Ron Rivera is currently constructing his version of the Redskins, and a primary focus of that project is to redevelop the culture. He wants guys who are serious about football, who put the team beyond themselves and who consistently make the right decision.
This past Saturday, though, Rivera made the call to draft LSU tackle Saahdiq Charles. Charles missed six games, an enormous chunk, during the Tigers' 2019 season because of a suspension. That doesn't necessarily point to someone who's serious about football, who puts the team beyond himself and who consistently makes the right decision.
So, why did Rivera opt to include Charles in his first class in Washington when the lineman appears to contradict much of the coach's vision?
On Saturday night, after the franchise made the last of its eight selections, Rivera and VP of Player Personnel Kyle Smith each had the chance to give an answer. In doing so, they provided a detailed look into the considerable research they did on the New Orleans native.
"We've done a lot of work on him," Smith said. He wasn't kidding.
After determining Charles' talent — Smith called it "tremendous" — and slotting him on their board based on that, Smith and his staff "dove" into Charles' character. A Redskins area scout, a cross checker, Senior Director of Player Development Malcolm Blacken, Rivera and Smith all took turns looking into the player's suspension, his level of regret for it and what he'll do to ensure a problem like it doesn't happen in the pros.
A key part of the digging came when Rivera had a chance to discuss Charles with the leader who coached him at LSU, Ed Orgeron.
"He was very positive about how the young man came in and the way he was contrite about the mistake he had made, about doing things the right way and trying to learn," Rivera told reporters Saturday.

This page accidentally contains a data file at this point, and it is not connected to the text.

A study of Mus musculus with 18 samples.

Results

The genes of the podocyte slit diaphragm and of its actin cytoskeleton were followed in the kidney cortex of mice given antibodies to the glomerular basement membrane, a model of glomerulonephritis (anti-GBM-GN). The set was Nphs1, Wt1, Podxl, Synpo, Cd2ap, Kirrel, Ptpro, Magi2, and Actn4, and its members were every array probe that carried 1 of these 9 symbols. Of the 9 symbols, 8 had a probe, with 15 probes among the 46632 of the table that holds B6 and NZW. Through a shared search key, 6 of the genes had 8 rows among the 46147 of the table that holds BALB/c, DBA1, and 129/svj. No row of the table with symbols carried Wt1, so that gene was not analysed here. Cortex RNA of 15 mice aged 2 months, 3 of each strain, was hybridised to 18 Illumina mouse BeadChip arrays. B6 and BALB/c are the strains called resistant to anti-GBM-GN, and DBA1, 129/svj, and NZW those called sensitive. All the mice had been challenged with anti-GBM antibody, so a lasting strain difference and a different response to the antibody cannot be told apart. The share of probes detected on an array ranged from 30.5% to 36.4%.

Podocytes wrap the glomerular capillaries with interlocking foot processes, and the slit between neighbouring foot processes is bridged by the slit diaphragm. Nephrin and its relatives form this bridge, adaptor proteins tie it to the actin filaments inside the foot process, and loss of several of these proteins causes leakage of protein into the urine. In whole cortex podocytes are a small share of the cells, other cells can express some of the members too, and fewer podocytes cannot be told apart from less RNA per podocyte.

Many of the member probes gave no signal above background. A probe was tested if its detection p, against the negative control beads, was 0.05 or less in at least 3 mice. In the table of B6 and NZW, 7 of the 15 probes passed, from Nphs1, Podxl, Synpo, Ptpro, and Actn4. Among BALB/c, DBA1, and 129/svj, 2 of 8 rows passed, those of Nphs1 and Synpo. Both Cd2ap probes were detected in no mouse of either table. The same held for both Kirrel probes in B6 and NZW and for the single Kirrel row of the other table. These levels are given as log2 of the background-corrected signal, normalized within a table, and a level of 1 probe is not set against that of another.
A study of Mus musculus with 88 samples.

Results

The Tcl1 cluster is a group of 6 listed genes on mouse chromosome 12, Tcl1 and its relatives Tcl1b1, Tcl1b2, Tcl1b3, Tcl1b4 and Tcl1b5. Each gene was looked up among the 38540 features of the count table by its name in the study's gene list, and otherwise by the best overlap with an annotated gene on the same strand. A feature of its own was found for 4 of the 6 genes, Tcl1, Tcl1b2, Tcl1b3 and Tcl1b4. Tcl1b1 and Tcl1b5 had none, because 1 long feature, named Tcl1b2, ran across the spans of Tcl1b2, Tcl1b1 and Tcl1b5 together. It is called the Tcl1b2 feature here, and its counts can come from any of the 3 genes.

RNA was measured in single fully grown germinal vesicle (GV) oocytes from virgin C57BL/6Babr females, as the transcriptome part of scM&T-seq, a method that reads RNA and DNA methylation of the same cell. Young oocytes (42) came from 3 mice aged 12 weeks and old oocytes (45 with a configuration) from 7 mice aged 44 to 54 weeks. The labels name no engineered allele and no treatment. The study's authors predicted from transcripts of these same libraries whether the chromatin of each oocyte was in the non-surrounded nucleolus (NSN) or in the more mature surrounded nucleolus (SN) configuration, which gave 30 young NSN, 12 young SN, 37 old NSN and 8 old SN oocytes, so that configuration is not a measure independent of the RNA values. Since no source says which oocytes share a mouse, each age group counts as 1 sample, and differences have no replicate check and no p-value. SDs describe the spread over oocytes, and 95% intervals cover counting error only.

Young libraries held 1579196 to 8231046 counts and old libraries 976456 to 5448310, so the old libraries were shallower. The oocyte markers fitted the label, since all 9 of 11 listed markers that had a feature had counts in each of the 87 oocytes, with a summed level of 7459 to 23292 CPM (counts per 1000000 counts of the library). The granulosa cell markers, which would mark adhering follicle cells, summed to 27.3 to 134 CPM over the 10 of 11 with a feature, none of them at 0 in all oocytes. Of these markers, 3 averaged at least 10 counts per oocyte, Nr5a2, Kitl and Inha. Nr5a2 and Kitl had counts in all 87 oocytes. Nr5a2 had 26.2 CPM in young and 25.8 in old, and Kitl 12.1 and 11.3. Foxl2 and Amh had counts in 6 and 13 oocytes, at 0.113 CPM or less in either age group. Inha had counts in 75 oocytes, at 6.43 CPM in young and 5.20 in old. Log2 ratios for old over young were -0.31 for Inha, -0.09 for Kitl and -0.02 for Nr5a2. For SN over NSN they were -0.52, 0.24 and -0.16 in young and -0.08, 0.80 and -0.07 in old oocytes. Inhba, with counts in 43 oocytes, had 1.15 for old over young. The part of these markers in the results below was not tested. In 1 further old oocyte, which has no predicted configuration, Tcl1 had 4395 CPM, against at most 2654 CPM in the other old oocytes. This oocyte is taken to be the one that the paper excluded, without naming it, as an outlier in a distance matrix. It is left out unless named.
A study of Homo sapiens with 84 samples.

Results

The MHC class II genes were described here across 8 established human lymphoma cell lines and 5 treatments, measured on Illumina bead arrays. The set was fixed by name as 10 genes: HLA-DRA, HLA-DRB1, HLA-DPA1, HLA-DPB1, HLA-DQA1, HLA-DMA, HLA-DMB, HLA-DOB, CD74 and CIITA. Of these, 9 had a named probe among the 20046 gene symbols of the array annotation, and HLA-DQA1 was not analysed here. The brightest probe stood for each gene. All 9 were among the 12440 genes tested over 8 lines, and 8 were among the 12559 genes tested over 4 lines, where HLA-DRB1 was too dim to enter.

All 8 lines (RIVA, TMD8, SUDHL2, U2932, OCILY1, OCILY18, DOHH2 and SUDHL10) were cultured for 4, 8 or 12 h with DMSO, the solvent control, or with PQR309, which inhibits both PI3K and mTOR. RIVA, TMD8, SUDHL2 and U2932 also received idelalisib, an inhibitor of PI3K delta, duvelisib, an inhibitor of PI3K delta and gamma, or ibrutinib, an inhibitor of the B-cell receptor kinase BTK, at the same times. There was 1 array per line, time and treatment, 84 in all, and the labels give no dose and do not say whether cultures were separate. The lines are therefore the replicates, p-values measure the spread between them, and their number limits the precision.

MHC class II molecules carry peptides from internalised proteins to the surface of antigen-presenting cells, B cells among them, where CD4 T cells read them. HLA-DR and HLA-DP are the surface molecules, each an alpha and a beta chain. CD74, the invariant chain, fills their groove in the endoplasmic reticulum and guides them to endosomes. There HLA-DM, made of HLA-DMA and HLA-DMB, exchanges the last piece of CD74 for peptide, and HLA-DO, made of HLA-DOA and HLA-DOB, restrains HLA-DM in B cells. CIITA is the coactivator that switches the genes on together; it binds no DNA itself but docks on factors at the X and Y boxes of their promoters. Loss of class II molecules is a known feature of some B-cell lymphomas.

While some may have penalized Charles for the suspension and marked him way down for it — you have to figure some did, too, since a prospect of his skill was still available on Day 3 — Rivera made sure to also commend him for staying clean the rest of the year after the slip-up.
That, along with the Zoom meetings, the chat with Orgeron and the endless searching all made the idea of choosing Charles palatable to the Burgundy and Gold. But the aspect that turned it into a priority came from Charles himself.
"One thing that really caught my attention was he had made the statement that when you have something taken away from you, you want it back, you want to do it the right way," Rivera said. "That really swayed me. I’m one of those that do believe you do give guys opportunities, especially if they show that they want it and this is a young man that wants it."
Charles was always going to make it to the NFL, even with his LSU troubles. Sure, they cost him positioning and money, but overall, that was never the real question.
Now, the true test is actually beginning. Will Charles make the Redskins look incredibly smart or incredibly gullible? Were his struggles in school temporary or a signal of more to come?
Rivera and Smith understand the risk they're assuming, but as they were just setting out on their time with Charles, each seemed ready do their part to guide the fourth rounder to a successful career.
"He’s a young man who has a bit of an issue that we’re trying to control and help him out with," Rivera said. "Again, hopefully we keep him going where he needs to be and that’s straight ahead."
"He understands why he was taken where he was," Smith said. "We’re excited about the structure that we’re going to give this kid, the culture that Coach was talking about that we’re going to provide this kid. And we’re excited to give him an opportunity with the Redskins."